It’s 10am on a winter’s day. A young man is slumped in his seat, aware his life is spiralling out of control. His girlfriend has left him; he’s racked up a criminal conviction for smashing up her property and fears he may lose access to his child. He can’t sleep and gets through a crate of beer a day. The man is the first of three offenders being seen that morning by newly-qualified probation officer Sian Sadler.
The offender is open about his situation, explaining his priority is to get off the booze and get a job. Since moving from another area, he’s stopped receiving treatment for his addiction - a factor in his last three offences. Sian listens patiently, encouraging the man to come up with solutions to his problems. She agrees to help him get support from a drug and alcohol treatment charity and advises him to contact his solicitor about access to his child. She also offers to arrange an assessment with an employment specialist when they meet next week.
The offender is one of more than 30 on Sian’s books. Others include offenders about to be released from prison on probation licence, those being released from young offender institutions, as well as offenders sentenced to community sentences.
‘I knew I wanted to work with vulnerable people,’ Sian says. ‘I saw an advert for probation and thought “that sounds good”.’
She is one of about 45 staff based at Warkworth Lodge, Cambridgeshire and Peterborough Probation Trust’s main office in Cambridge. On average, the office gets between 60 and 70 visitors a day, most of whom are offenders.
Drug and alcohol addiction are a common problem Sian comes across. All the offenders Sian is seeing that day seem to be struggling with some kind of substance dependency.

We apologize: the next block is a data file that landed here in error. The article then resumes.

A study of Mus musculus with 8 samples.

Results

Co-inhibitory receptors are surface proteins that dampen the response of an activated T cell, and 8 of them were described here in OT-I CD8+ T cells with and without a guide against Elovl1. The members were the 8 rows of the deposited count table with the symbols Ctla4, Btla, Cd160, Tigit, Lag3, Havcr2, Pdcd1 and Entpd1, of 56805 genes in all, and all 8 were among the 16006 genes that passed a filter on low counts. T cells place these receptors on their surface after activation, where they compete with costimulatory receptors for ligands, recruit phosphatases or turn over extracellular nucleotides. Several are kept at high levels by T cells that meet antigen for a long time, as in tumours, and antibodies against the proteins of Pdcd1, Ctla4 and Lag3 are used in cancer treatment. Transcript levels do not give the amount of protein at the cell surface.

The second offender she sees is a middle-aged man convicted of alcohol-related domestic violence. Sian talks to him about joining the Probation Service’s Integrated Domestic Abuse Programme. An hour later, a third offender turns up for his induction appointment. As part of his sentence for possession of drugs, the man has received a community order with supervision. For the first 16 weeks of his sentence, the he will have to attend weekly probation appointments with Sian.
Breaking the cycle of reoffending isn’t easy but Sian believes that, given the right help and motivation, even the most hardened criminals can turn their lives around.
She says: ‘I believe that people can change and I want to be part of that. I think the work probation officers do is important, not just in rehabilitating offenders, but also in terms of protecting the public from becoming victims in the future. It’s nice to know your job is making a difference.’